This weeks Lowdown for The Production Office was Part I of a 2-part special focused on blogs and blogging.
There are 3 main blogging platforms out there, although you’ll be able to find many more if you search around. The most well-known and easiest to use are Typepad, Blogger and WordPress. Wordpress is, I believe, the most powerful, versatile and useful of all the blogging tools on the web and because of that, part two of this Lowdown next time will look at WordPress as a standalone platform.
There is a fourth platform, Tumblr, which is a micro-blogging site design for short, concise updates of anything from text to pictures to video. It’s a great site and could be really useful for you if that’s the sort of set-up you want, but most bloggers prefer a little more space to ramble (more on that later).
All of these sites allow you to customise your pages to differing degrees. At the very minimum they allow you to change the background and colours of your blog, but can also let you delve deeper into the construction of the blog to rearrange the layout and other elements.
These sites also all allow the addition of widgets. A widget is a small application that runs in a sidebar or on the main part of your website and – most commonly – connects you to other place. Twitter and Facebook are the two key widgets for most blogs, directing your site traffic over to your other online presences and encouraging them to get in touch. Most bloggers receive far more blog feedback through social networking sites than they do through comments on the blogs themselves.
It’s really important to your brand as a filmmaker, producer, artist or whatever you may be that you purchase yourself a domain name. There are various sites to do it at, I usually use 123-reg, and they’re usually fairly cheap. You don’t necessarily need hoting for your blog (unless you’re using WordPress.org – of which more in part II), you can simply redirect the domain to go to your blog home page using something known as “masked web forwarding”. That means that all your visitors will type in yourname.com and see that in their browser window, but they’ll actually be (secretly) directed to yourname.wordpress.com or yourname.blogspot.com.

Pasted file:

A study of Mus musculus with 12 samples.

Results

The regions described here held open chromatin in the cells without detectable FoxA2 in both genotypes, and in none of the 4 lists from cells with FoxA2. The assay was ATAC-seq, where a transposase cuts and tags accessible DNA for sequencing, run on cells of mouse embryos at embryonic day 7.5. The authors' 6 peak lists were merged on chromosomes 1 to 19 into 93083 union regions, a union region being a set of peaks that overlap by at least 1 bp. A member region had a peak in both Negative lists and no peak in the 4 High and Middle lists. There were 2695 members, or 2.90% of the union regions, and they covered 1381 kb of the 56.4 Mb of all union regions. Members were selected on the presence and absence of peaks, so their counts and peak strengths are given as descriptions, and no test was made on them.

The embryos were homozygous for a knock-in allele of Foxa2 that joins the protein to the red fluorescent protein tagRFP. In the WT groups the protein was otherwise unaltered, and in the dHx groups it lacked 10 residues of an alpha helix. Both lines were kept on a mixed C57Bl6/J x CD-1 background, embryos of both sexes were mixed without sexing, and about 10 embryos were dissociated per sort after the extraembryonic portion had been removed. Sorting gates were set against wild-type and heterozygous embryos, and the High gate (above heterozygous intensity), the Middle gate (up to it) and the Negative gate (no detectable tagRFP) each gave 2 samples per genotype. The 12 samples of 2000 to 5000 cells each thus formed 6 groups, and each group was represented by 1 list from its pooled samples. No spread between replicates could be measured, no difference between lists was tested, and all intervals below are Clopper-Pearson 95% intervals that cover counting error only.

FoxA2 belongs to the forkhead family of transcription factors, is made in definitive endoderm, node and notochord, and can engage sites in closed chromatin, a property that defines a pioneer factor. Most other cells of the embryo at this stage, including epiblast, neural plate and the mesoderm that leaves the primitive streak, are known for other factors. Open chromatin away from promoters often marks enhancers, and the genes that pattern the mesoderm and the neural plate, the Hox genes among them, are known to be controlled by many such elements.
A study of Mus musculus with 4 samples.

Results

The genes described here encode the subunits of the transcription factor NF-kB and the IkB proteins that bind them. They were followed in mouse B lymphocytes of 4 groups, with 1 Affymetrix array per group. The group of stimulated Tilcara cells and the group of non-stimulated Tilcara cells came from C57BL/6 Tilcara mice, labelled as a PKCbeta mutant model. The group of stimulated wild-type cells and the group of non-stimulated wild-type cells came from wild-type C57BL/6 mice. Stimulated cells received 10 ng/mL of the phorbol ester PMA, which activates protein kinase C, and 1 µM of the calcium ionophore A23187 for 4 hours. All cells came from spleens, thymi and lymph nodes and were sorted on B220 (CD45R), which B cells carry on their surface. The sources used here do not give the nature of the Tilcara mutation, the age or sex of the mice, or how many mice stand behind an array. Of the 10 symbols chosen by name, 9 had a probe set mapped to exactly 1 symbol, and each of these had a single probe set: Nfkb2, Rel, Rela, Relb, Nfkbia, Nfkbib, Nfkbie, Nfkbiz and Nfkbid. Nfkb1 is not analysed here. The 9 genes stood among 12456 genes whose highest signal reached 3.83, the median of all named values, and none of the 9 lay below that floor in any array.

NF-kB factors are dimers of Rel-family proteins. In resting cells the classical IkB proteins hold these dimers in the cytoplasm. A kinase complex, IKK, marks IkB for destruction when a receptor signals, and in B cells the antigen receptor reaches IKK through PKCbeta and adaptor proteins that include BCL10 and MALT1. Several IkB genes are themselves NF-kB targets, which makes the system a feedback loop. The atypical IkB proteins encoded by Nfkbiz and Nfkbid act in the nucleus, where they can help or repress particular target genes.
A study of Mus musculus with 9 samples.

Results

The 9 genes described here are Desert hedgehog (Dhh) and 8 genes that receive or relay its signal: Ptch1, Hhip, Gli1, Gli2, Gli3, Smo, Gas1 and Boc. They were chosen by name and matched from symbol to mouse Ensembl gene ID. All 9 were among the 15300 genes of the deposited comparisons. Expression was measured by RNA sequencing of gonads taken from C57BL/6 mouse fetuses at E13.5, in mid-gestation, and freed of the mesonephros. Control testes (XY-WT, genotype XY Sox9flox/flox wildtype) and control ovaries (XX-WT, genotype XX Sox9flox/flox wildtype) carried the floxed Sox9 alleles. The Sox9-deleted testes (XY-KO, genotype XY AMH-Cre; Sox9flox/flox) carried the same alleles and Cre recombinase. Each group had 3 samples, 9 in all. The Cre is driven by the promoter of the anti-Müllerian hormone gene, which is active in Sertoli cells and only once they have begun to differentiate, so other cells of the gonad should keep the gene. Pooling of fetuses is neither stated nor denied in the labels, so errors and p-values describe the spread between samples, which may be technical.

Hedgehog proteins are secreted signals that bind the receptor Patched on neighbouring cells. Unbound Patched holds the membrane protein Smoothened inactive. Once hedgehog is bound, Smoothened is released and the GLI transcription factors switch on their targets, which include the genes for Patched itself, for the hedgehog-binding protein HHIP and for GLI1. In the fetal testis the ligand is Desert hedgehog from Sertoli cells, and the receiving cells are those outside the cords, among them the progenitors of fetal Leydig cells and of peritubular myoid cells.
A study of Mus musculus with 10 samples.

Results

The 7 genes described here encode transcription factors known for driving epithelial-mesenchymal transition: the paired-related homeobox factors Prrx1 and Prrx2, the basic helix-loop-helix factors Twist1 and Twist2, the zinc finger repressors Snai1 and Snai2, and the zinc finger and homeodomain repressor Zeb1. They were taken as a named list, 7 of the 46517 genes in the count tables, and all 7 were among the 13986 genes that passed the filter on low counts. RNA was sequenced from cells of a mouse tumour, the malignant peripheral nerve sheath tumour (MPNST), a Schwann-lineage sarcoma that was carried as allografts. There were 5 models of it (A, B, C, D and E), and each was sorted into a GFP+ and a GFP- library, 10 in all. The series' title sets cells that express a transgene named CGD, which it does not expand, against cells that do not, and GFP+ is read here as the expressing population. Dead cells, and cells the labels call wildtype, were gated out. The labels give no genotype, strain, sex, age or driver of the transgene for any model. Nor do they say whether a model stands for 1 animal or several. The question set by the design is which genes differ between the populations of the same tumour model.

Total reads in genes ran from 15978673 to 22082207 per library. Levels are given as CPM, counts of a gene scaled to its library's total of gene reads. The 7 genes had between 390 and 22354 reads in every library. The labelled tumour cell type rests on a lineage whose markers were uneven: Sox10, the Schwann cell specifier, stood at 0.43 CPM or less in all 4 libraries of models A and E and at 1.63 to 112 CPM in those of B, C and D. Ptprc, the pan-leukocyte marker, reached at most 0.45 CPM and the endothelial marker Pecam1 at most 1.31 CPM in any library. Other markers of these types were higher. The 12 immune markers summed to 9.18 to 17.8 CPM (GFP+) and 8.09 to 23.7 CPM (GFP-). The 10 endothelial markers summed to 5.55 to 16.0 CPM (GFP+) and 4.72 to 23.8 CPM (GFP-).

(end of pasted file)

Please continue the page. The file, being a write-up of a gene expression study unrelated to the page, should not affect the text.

Why spend your money on something so seemingly insignificant? Two reasons: 1) It’s really not that expensive and 2) It just makes you look more professional. You’re not just some chump who’s thrown up a blog, you’re a serious blogger/filmmaker/whatever with something to say to the world. Even if you’re not.
The key thing about blog posts are that they are there to engage and entertain. That doesn’t mean you’ve got to be hilariously funny on every page, just that you need to know what it is you want your blog to achieve. Unless you know that, your blog will rapidly descend into random ramblings that no one is really interested in.
Invest your posts with a little bit of your personality – even if it’s a corporate blog. Keep them light and, preferably, short – under 500 words if you can – so that people can pop in, have a read and shoot off again.
And lastly, but definitely not least, make your posts regular. Yes, you’ll be pimping your new blog posts through all your social media outlets (won’t you…?), but you want people to come back because they want to read what you have to say next. The more regular your posts, the more chance of a regular, returning readership – any blogger’s ultimate goal.
Next time, I’ll delve into a full break-down of WordPress and how you can get started with the internet’s most powerful blogging platform.